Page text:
At the same time, Senate Majority Leader Harry Reid said that asking wealthier people to pay higher taxes needs to be part of any solution to the government's budget woes.
The Nevada Democrat told reporters in Washington he's "not for kicking the can down the road" and that any solution should include higher taxes on "the richest of the rich."
The fiscal cliff refers to the one-two punch of expiring Bush-era tax cuts and across-the-board spending cuts to the Pentagon and domestic programs that could total $800 billion next year, based on Congressional Budget Office estimates.
It's is the most immediate item confronting President Barack Obama and a divided Congress in a post-election lame duck session. Economists say it threatens to push the economy back into recession if Obama and Republicans can't forge a deal to prevent it.
"The vast majority of the American people — rich, poor, everybody agrees — the richest of the rich have to help a little bit," Reid said.
A Congressional Budget Office study in May estimated that the fiscal cliff would force tax hikes and spending cuts totalling over $600 billion in the first nine months of next year — or perhaps $800 billion or so over the entire year if allowed to stay in effect.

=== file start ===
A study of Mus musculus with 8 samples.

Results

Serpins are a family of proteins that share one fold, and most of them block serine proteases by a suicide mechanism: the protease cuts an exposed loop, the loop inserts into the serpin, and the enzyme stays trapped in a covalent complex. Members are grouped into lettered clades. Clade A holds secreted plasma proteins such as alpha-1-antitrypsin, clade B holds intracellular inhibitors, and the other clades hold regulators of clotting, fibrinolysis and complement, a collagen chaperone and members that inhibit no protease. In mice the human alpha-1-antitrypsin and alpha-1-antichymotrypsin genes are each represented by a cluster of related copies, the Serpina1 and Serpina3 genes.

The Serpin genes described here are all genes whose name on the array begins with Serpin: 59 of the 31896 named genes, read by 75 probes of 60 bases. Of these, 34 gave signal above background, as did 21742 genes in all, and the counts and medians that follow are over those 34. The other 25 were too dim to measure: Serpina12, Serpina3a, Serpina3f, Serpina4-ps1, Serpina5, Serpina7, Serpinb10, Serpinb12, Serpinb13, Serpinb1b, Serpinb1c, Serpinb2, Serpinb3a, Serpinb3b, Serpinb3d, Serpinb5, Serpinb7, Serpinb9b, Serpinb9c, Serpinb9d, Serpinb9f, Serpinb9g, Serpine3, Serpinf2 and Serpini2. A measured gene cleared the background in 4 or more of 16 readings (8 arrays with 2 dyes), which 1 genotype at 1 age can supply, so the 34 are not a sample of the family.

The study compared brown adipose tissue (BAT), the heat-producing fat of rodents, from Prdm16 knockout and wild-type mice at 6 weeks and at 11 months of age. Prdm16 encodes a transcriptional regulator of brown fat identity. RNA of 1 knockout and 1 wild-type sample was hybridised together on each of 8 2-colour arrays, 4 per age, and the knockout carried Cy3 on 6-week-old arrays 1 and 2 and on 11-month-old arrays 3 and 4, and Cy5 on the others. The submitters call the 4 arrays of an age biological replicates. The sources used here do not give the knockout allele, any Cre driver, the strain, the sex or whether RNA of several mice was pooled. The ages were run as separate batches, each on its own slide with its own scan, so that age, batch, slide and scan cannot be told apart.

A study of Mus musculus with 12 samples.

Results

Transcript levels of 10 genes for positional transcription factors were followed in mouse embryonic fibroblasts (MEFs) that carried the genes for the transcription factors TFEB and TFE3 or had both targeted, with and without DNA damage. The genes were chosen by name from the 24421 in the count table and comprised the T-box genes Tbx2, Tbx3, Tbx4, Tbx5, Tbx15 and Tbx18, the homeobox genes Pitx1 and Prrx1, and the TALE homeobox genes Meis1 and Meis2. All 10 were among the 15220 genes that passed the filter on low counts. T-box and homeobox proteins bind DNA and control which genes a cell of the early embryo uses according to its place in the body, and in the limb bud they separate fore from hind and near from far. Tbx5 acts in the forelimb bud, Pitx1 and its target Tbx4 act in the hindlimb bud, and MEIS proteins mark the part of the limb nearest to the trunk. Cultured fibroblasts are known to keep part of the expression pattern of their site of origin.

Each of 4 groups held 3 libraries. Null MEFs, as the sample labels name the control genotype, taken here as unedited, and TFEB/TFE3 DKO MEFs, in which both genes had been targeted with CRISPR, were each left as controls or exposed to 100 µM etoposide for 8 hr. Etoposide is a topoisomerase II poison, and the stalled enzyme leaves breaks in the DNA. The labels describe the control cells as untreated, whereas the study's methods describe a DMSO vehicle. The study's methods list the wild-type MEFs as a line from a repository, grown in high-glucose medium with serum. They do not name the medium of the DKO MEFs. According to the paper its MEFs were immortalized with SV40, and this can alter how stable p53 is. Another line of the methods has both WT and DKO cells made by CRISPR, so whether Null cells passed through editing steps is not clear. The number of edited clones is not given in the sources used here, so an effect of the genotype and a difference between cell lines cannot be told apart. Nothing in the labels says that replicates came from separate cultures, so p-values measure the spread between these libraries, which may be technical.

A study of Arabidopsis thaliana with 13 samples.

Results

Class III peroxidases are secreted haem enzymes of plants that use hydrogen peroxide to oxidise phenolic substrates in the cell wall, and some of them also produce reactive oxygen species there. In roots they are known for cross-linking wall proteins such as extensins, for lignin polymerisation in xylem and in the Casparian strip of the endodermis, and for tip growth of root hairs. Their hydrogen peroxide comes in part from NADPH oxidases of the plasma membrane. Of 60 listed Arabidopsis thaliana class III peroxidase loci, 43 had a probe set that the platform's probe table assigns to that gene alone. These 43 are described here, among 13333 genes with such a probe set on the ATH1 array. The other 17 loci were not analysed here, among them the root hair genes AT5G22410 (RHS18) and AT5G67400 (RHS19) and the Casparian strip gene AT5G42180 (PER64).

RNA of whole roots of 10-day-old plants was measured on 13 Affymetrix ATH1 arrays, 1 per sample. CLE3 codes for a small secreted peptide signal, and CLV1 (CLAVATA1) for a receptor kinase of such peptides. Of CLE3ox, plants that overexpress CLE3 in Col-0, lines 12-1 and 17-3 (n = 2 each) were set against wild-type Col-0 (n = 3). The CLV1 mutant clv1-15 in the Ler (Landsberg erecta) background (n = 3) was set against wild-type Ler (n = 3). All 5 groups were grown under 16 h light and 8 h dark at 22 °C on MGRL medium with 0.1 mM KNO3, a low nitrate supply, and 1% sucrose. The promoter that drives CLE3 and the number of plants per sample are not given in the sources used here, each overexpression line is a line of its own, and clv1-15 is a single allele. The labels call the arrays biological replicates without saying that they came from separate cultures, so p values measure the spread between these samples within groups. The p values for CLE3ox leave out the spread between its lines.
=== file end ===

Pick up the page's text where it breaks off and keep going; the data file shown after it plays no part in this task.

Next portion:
The fiscal cliff includes:
—The expiration of Bush-era tax cuts on income, investments, married couples and families with children and inheritances.
—A $55 billion, 9 per cent cut to the Pentagon next year and another $55 billion in cuts to domestic programs, including a 2 per cent cut to Medicare providers.
—The expiration of unemployment benefits for the long-term jobless and a sharp cut in reimbursements for doctors participating in Medicare.
—The expiration of Obama's temporary 2 percentage point cut in payroll taxes.
—The imposition of the alternative minimum tax on some 26 million households, which would raise their taxes by an average of $3,700.
Some Democrats have called on Obama to propose renewing the payroll tax cut but he has not taken a position.
The election victory has given Obama new leverage in the upcoming showdown with House Republicans controlling over fiscal issues.
But a rejuvenated Obama still confronts a re-elected House GOP majority that stands in powerful opposition to his promise to raise tax rates on upper-bracket earners, although House Speaker John Boehner, R-Ohio, has left the door open for other forms of new revenue as part of a deal to tackle the spiraling national debt.
"The American people have also made clear that there is no mandate for raising tax rates," Boehner said Tuesday night. "What Americans want are solutions that will ease the burden on small businesses, bring jobs home, and let our economy grow. We stand ready to work with any willing partner — Republican, Democrat, or otherwise — who shares a commitment to getting these things done."
The Ohio Republican is scheduled to address the issue Wednesday afternoon.
There are numerous factors under consideration in the upcoming negotiations. Given the time crunch, it's most likely that lawmakers and Obama would seek to forge a deal setting the parameters of tax revenue increases and spending cuts to programs like Medicare and farm subsidies and then require Congress to fill in the blanks next year.
Reid also said he anticipates addressing the need to increase the government's borrowing cap early next year and not in the post-election session of Congress.